When the days started getting noticeably longer back in February, I wrote a post imploring spring to hold back so I could enjoy the break from gardening a while longer: http://mygreenvermont.blogspot.com/2013/02/dread-of-spring.html
Boy, did that wish ever come true! As I sit in my study wearing two sweaters and considering whether to put on a second pair of socks, curtains of sleet pour out of the sky. The spring peepers that had cheered us for two nights in a row have stopped peeping, and the frog that floated to the top of my garden pond and gave a single croak has not been heard from again.
Of my eight springs in Vermont, this has been by far the slowest to arrive. Last year we'd had 80F temperatures by now, and the apple trees were setting fruit. O.k., that was alarmingly hot, but this!
Most people around here haven't planted anything in their gardens yet. But, crazy flatlander that I am, I put in my lettuce, kale, arugula and broccoli transplants last week. And I made a terrible, possibly a fatal, mistake. I was so thrilled to find the transplants available at Walmart that I failed to notice that, instead of being out in the parking lot, the racks of baby vegetables were in a room at the back of the store.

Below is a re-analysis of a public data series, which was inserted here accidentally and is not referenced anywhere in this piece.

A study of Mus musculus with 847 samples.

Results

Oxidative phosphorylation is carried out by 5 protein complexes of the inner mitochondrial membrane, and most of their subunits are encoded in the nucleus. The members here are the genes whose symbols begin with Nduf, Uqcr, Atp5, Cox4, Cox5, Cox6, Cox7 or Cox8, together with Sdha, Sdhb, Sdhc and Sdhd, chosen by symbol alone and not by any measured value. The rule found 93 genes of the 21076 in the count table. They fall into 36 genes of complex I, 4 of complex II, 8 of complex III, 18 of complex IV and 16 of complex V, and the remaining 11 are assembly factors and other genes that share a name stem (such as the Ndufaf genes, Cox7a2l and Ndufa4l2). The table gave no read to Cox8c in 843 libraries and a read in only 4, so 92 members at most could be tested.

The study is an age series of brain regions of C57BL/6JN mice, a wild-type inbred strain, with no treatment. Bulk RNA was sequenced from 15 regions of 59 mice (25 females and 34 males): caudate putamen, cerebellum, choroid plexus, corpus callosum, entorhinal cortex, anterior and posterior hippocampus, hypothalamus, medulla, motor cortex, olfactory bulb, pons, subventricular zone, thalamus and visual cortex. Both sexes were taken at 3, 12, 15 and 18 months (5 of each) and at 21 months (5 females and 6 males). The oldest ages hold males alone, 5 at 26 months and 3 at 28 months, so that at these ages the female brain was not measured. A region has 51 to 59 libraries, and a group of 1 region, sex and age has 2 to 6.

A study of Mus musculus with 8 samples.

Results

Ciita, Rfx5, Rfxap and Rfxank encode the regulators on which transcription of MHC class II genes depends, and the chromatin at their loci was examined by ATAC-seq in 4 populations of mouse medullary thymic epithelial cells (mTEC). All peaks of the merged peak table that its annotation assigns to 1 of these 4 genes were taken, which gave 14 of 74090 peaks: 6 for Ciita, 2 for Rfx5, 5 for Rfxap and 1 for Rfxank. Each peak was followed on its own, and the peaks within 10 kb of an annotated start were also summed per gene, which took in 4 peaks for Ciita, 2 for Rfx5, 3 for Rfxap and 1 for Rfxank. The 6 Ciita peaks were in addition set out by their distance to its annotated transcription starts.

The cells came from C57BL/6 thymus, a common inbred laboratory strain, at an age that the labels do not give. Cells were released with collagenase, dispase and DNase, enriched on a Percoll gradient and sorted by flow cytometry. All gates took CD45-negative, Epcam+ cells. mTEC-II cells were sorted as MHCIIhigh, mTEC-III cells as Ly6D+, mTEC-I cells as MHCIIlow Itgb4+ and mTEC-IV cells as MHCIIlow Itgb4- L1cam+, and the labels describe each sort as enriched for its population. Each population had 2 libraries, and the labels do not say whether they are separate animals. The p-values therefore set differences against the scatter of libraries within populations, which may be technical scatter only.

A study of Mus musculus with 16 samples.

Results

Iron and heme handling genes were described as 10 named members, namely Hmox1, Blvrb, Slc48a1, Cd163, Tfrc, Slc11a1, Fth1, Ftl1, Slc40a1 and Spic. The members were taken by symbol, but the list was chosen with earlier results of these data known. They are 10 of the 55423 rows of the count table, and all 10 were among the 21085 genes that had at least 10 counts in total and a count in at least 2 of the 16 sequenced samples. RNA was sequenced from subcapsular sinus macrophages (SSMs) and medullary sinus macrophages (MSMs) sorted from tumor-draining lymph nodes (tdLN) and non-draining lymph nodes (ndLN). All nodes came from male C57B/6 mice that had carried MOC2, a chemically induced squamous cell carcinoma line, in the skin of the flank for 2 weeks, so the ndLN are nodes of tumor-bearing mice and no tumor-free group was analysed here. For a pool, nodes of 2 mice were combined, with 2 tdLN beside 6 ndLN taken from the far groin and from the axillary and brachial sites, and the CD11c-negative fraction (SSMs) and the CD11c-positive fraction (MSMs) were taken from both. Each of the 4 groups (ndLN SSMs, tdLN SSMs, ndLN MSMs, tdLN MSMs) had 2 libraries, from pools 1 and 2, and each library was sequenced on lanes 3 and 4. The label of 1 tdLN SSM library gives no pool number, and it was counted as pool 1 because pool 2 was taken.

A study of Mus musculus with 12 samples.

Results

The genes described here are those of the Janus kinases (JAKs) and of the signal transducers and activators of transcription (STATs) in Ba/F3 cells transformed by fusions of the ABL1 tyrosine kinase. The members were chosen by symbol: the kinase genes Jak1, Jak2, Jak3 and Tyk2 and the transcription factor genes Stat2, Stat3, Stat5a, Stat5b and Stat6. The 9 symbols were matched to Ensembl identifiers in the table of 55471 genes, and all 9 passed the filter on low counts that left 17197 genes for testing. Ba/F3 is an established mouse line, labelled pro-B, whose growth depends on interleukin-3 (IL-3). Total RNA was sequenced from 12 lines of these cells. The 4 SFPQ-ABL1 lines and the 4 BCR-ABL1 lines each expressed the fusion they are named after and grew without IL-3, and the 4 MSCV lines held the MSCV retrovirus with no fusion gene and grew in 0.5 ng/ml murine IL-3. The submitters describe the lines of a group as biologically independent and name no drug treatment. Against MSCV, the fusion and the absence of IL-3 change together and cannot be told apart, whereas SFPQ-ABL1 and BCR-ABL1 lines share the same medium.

The next day they were in my garden. And the day after that they were in extremis. By putting them in the ground without giving them time to harden off I had shocked the little plants almost to death. Only by peering closely at the center of each one could I see a tiny leaf or two that still seemed to be alive.
This was followed by a couple of days when the temperature actually hit 60F for about five minutes--that was what got the peepers going--and I was certain that my transplants would survive. But now I'm not so sure. I'd go check on them if it weren't so raw out. I think I'll leave them to their fate--there's little I could do for them anyway. Sunday, we're supposed to get snow.